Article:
From private homes to elegant public spaces, from palatial hotels to your favorite stores, many of the most striking and memorable building interiors are put together by professional interior designers. An interior designer plans and organizes practical yet aesthetically-pleasing interiors that serve an intended purpose, from boosting production to selling merchandise to creating a comfortable lifestyle.
Interior designers can find many intriguing opportunities for their careers, but it's difficult to get started in the field without first earning a degree. Online degree programs can be an especially convenient way to meet this requirement, as they can help cut down on commuting costs and work around your schedule.
Online degree programs for interior design are not exactly widespread, but they certainly do exist. On this list, we are featuring a few of the accredited online colleges that offer degree programs in online or hybrid format for this intricate subject.
Undergraduate interior design studies are likely to guide you through the entry-level fundamentals, such as color theory, CAD (computer-aided drawing) software, building systems, safety codes, textiles, lighting, construction, marketing and both residential and commercial design. Though these courses are common for both associate and bachelor's degree programs, you may find that a bachelor's program can include additional courses on the topics of sustainability, barrier-free design, the psychology of design, and much more. Some programs may even offer specializations in the design of certain interiors, including office spaces, kitchens or bathrooms.
Master's degree programs in interior design can help graduate students to examine topics and skills from their undergraduate program in more depth. For example, while a bachelor's student might study lighting as a design element, a master's student might learn about the physiological or psychological impact that light can have on the people working or living in a space. Graduate programs may offer in-depth courses in architectural studies, research methods, contemporary issues, environmental psychology, emerging materials, and the history of design from various perspectives. Often, these programs help students integrate their skills into professional practice through hands-on experience in field work or internships.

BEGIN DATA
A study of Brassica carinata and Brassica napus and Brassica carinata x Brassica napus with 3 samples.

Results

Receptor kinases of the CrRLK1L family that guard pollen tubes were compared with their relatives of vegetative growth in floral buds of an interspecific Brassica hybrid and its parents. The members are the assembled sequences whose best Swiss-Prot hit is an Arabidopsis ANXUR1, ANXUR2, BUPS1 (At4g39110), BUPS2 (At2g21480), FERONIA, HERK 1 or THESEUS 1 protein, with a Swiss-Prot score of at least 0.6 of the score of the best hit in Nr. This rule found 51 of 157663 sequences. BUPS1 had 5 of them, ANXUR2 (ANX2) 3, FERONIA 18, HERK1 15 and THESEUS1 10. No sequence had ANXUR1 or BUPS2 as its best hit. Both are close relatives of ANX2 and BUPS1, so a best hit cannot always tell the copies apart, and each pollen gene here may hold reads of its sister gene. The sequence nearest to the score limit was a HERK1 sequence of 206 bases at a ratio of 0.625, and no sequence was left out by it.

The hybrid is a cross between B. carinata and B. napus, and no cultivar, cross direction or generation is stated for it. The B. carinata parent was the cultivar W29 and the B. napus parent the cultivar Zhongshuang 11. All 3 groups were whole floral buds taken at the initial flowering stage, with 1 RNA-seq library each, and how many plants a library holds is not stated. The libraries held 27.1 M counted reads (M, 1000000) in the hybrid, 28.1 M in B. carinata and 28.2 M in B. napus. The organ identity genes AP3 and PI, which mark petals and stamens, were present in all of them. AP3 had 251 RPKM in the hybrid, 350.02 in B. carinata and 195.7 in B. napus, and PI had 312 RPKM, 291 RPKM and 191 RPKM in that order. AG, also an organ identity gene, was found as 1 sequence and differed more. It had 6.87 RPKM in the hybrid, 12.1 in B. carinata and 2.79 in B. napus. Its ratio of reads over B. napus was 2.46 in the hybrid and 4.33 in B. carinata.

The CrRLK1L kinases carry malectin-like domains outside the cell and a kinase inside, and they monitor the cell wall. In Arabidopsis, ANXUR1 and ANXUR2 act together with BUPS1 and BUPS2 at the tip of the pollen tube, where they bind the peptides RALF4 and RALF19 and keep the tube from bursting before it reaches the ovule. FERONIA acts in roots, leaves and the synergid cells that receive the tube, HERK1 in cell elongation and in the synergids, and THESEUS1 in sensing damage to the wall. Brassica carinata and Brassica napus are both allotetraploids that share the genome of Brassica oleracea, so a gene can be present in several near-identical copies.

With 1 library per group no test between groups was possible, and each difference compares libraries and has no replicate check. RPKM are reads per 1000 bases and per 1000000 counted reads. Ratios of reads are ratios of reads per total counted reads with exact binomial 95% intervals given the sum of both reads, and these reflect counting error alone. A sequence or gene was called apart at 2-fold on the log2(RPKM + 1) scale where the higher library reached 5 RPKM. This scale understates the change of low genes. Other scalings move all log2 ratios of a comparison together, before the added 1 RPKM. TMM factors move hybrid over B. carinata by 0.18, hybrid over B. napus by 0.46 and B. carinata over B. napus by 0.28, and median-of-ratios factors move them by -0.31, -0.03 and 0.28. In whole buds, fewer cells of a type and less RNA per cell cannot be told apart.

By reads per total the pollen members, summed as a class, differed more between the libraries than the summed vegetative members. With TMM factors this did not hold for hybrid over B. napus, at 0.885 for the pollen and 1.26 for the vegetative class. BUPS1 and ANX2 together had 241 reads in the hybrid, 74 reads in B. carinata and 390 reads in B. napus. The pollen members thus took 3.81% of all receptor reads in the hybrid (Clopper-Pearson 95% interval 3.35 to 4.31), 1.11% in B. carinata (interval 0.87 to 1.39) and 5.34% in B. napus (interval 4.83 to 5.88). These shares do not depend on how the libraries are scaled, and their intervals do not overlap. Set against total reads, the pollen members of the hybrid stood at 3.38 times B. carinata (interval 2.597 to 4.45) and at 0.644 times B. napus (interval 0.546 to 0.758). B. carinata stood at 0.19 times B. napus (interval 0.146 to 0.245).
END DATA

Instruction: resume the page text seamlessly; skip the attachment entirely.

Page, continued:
Finally, Ph.D. programs in Interior Design often aim to prepare graduates for high-level consultation, academic, or leadership positions through flexible coursework that helps them meet their individual professional goals. These programs may include courses on big-impact topics, like housing and neighborhood design, facility management, and accessibility, in the hope of equipping graduates with research skills they can use to make key contributions in their field.
During their degree programs, interior design students should focus on developing the technical, creative and interpersonal skills necessary to design aesthetically-pleasing spaces that meet safety, accessibility and sustainability requirements. These skills include, but are not limited to the following:
Though the majority of interior designers are self-employed, a bachelor's degree in the field is typically needed in order to be hired by a client.
Some employers may be willing to train on the job, while others may prefer an associate degree or certificate for an entry-level position.
Entry-level employment in this field almost always requires earning a bachelor's degree in Industrial Design, Engineering, Architecture, or a similar program. Prospective employees should also curate an electronic portfolio that features their best design projects.
Employers at four-year colleges and universities typically look for candidates who hold a Ph.D. in architecture or a related field, though a master's degree may meet the requirement for a postsecondary position at a community college.